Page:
The goal of this lesson is to give students an opportunity to express their knowledge of free fall through both written and verbal practice. Students use their computational problem solving skills to present information from an assigned set of problems in a whiteboard session, explaining their thought process. By the end of this lesson, students should feel comfortable with any free fall problem through the whiteboard sessions.
To begin class, I have students start in their Physics Families. The activity I choose for today is the fruit snack tower building activity. I choose this because it is almost the end of the first quarter and I want students to develop a stronger bond with their peers through this team building activity. I ask one member from each group to come to the front desk and get the materials for the activity (2 bags of fruit snacks, 20 toothpicks and 2 pieces of paper towel). I also ask all students to come up to the front of the room and use hand sanitizer or wash their hands. After each group has their materials, I give them 5 minutes of plan time to figure out how they are going to build their tower. They may only touch the fruit snacks with the toothpicks and their goal is to build the tallest tower.
After planing time is up, I ask students to make sure there are no fruit snacks attached to the toothpicks before we start. They have 3 minutes to build, but they will not allowed to talk during that time. Here is a video of the students working on their towers:
After they finish their towers, I ask them how it felt to not be able to talk and if they used their time wisely. Usually they say they didn't talk enough during the plan time. So I give them 2 more minutes to complete their towers and allow them to talk. Here is a video of students during the second building time:
When the time is up, I go around and measure the height of each tower; the tallest tower gets to put a super star sticker with their group name on the Physics Family wall in my classroom as a reward. Students can then eat the fruit snacks.
After students have moved back to their assigned seats, I ask students to compare answers from the homework and classwork from the previous day with each other at their tables (Worksheet #4 Free Fall Worksheet, WS #4 KEY). I then ask them to decide which problems they would feel most comfortable completing on a whiteboard to share with the class. After I have given them about 5 minutes to complete both tasks, I put a chart up on the front board that lists the problem numbers. Each group sends up one representative to sign up their table for a problem. Once they have signed up for a problem, they retrieve a whiteboard and together, as a group, show their work for that problem on the whiteboard. Student whiteboard examples are shown here Free Fall Whiteboard #1 and Free Fall Whiteboard #2.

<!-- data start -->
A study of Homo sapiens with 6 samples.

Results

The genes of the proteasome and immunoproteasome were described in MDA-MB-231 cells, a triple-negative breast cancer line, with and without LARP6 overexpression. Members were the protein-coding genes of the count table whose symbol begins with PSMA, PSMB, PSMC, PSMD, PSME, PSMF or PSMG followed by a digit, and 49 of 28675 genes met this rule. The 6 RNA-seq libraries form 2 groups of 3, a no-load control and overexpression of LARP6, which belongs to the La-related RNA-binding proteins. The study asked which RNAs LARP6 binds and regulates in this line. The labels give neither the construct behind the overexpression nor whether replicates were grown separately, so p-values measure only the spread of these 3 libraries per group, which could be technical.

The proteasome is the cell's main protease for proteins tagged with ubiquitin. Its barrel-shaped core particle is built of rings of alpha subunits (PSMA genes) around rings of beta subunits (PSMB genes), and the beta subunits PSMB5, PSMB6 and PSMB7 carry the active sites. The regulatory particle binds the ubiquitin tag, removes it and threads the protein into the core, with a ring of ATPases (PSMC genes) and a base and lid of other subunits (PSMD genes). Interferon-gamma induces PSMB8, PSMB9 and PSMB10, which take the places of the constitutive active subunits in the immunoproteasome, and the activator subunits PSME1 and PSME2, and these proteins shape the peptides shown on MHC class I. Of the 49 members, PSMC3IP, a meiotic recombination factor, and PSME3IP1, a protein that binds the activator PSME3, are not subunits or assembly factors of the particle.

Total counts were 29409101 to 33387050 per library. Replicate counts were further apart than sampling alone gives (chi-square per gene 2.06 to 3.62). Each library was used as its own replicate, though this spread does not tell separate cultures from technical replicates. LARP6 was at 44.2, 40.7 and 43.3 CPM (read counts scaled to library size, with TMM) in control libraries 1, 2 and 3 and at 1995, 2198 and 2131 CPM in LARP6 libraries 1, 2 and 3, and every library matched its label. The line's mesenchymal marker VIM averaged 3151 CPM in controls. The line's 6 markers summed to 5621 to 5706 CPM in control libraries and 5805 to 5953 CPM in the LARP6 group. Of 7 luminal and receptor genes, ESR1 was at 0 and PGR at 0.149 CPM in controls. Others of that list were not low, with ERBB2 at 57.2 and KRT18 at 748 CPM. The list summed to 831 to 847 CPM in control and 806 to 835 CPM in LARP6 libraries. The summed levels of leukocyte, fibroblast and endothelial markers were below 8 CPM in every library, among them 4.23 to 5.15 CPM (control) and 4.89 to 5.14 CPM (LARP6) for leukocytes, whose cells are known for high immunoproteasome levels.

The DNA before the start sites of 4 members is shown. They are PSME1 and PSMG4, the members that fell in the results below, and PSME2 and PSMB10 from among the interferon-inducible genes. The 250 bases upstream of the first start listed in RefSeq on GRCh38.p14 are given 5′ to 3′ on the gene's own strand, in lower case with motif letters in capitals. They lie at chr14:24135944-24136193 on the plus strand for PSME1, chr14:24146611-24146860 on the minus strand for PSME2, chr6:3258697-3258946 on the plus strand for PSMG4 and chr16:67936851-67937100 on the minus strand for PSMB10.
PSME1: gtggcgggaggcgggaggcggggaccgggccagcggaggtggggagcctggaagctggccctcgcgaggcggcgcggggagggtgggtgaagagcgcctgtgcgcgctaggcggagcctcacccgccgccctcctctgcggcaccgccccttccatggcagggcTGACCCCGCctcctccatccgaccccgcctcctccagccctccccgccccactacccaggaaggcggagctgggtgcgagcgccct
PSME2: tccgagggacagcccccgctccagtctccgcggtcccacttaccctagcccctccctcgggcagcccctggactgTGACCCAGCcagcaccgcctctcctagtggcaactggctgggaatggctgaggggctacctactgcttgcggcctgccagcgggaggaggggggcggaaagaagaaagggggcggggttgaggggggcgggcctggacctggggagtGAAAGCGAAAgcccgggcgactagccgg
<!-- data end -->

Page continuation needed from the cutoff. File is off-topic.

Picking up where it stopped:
During the whiteboard presentations, I ask that the presenters read the problem and explain their thought process of how they solved the problem. During these presentations, I have the problems presented in the order that they appear on the worksheet. Since we have done a few whiteboard sessions before, I randomly select two students from the group to present based on the number of their table and rolling a 4-sided die. The two members are selected based on their seat-numbers on the table move up to the front of the room with their whiteboard to present. The audience should be listening and checking their work with what is on the whiteboard to see if they agree. If the audience does not agree with what is on the board, I ask them to ask a question to the presenters. If no students have questions, I try to ask questions to the group before we clap and the group sits down.
The things that I look for in particular for this whiteboard session are that each member is speaking for part of the presentation because I want to make sure that students understand the material. I also look for proper work shown as well as how students approached the multiple step problems to see if any other students did the problems differently. This set of problems has a few that are straight forward but several that could be easy to make an error if students don't read carefully or think through the entire problem before just plugging in numbers.
After all of the students have presented their whiteboards, I ask them if they have any questions about free fall. When all of the questions have been answered, I pass out the End of Discussion Checkpoint #3. I ask students to work on this individually and I write all of the equations for the unit on the whiteboard so students can refer to them. I have students complete this end of discussion checkpoint in order for us to get a better sense of the depth of their understanding of free fall and free fall problems before the test.
When students are done working on the end of discussion checkpoint, I ask them to turn them over at their desks. When everyone is finished, I ask them to turn the papers back over to check their work with my answers that I put on the projector screen. We go over the answer in class right after they are done; students grade their own papers so that they can have immediate feedback before we start the next few days of review. After we finish going over the end of discussion checkpoint, I pass out a Unit 2 Review Sheet that I ask them to start working on for homework.